Lead, Nutrients, and PFAS: 2023 Great Lakes Legislation

December 20, 2023

The GLLC monitors state and provincial legislation in all 10 jurisdictions of the Great Lakes-St. Lawrence River basin, especially bills connected to the GLLC Policy Agenda.

So far in this biennium, the GLLC has identified and tracked more than 500 bills in the policy areas of water consumption, nutrient management, toxic substances, coastal resiliency, and aquatic invasive species. While the majority of these bills are still under consideration, more than 60 have been enacted. Several of these new laws address the goals and priorities laid out in the GLLC Policy Agenda.

Here is an overview of some of the recent legislative activity and progress.

Water Consumption

In 2019, the GLLC Task Force on Lead approved this model policy, emphasizing reducing exposure to lead in drinking water in schools and child care facilities. The model policy calls for mandatory lead testing of all sources of drinking water in schools and child care centers. If lead is found to be in excess of 5 parts per billion, an alternate water source must be provided, and notification needs to be sent to parents and the coordinating state/provincial agency. The model policy further requires inventories of lead service lines, and for that information to be provided to affected residents.

Earlier this year, Michigan passed legislation to step up lead testing requirements. SB 31 requires the testing of minors, and under HB 4200, the results of those test must be included on the child’s immunization record. HB 4341, HB 4342 and SB 88 create the Clean Drinking Water Act, outlining funding and requirements to prevent exposure to lead in drinking water.  The act calls for annual testing, as well as water filters, in all schools and child care centers. This legislation matches the shut-off threshold in school and child care centers agreed upon by legislators who helped develop the GLLC Model Policy: 5 parts per billion.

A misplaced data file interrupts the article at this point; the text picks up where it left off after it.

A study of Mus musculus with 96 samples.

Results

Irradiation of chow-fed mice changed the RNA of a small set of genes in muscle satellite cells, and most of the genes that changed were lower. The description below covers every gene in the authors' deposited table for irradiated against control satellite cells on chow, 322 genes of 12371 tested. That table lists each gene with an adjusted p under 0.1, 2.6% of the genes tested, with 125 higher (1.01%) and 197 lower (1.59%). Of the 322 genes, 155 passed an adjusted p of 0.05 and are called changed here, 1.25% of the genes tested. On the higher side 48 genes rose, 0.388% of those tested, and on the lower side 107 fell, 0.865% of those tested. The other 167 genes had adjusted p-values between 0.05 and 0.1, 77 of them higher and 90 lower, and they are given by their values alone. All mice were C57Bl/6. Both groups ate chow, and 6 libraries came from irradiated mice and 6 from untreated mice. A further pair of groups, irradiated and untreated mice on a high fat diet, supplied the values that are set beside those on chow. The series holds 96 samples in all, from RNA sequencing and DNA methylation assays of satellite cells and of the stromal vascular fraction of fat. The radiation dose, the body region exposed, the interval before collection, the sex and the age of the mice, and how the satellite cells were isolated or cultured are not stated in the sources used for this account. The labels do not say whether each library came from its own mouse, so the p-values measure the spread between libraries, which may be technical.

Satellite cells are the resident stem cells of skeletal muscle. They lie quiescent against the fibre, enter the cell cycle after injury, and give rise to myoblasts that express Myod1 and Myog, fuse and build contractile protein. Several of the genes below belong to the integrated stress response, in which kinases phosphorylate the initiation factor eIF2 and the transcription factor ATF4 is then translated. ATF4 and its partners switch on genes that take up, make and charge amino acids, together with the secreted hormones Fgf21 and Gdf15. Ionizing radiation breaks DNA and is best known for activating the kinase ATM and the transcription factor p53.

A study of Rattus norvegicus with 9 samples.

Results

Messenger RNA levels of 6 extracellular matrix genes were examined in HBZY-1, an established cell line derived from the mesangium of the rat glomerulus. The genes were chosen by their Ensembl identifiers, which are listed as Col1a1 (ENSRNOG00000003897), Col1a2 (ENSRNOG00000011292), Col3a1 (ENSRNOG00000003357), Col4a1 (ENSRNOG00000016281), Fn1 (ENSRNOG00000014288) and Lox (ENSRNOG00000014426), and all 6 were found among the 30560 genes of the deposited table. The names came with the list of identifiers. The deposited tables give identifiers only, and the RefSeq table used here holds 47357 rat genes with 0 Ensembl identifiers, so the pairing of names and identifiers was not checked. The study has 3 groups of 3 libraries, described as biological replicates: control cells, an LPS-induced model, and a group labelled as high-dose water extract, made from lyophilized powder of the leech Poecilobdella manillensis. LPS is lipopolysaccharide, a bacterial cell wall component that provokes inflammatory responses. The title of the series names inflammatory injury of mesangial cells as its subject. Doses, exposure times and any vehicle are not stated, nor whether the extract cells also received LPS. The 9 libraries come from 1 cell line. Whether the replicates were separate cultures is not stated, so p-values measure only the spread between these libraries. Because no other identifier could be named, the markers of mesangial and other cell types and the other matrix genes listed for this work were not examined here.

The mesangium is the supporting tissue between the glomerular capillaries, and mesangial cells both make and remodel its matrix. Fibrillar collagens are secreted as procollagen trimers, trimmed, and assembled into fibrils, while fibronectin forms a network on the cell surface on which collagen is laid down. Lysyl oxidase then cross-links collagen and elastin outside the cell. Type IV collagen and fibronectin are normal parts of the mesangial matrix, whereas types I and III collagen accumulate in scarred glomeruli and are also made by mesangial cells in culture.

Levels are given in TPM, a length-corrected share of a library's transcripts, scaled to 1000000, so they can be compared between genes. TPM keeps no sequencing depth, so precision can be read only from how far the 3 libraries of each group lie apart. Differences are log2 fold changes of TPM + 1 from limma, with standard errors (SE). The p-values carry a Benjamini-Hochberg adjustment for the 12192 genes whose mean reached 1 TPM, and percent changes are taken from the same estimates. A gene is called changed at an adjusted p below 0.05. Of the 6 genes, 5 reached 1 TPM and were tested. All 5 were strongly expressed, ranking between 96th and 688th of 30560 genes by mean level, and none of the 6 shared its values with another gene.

Michigan joins Illinois, Minnesota, New York, Ontario, and Québec in adopting this standard. Most of these jurisdictions adopted this requirement in the past five years. Indiana requires testing in schools with a 15 parts per billion threshold. Wisconsin, Ohio, and Pennsylvania encourage, but do not require, testing for lead in school and child care facilities.

Also related to water consumption, Québec approved a new water pricing policy with higher rates for commercial users and water bottlers. Additionally, Bill 20  creates a “Blue Fund” to collect these increased fees. This fund will then be used to finance projects for “…the protection, restoration, development, and management of water.” Set to go into effect in January 2024, the rates threshold will be lowered to 50,000 liters (roughly 13,000 gallons), increase by 3 percent annually, and include a surcharge for water withdrawn and placed in bottles or other containers.

Nutrient Management

International Joint Commission, 2021.

This year, the GLLC finalized policy recommendations on nutrient management with the final convening of its Task Force on Nutrient Management. One of the model policies highlighted in the recommendations is Wisconsin’s Producer-Led Watershed Grant Program. Wisconsin’s program allows agriculture producers within the same watershed to submit collaborative applications for projects to improve soil and water quality through voluntary nonpoint source pollution abatement.

Legislators expanded this program with this year’s passage of AB 65. This bill expands eligibility for the watershed grants, allows agricultural producers from adjacent watersheds to send in an application, and lists the producer-led group itself as an eligible recipient of funds, rather than a single member of the group.


Toxic Substances

Earlier this year, Minnesota passed sweeping PFAS regulatory reform as part of the Legislature’s omnibus environmental policy bill, HF 2310. The bill includes a ban on class B firefighting foam containing PFAS, requires the Pollution Control Agency to establish drinking water quality standards for six classes of PFAS, forms a work group to recommend manufacturer fees, requires manufacturers of products with intentionally added PFAS to send detailed product information to the Pollution Control Agency, and moves towards the prohibition of products containing intentionally added PFAS in 2032.

Minnesota’s action on PFAS could have national impact. Minnesota is the second U.S. state, after Maine, to establish mandatory reporting and a prohibition timeline for products with intentionally added PFAS. This legislative trend could increase the transparency and awareness of PFAS in common products and shift manufacturer behavior away from the use of these compounds altogether.

Keep up to date on Great Lakes legislation through the GLLC State and Provincial Legislative Tracker.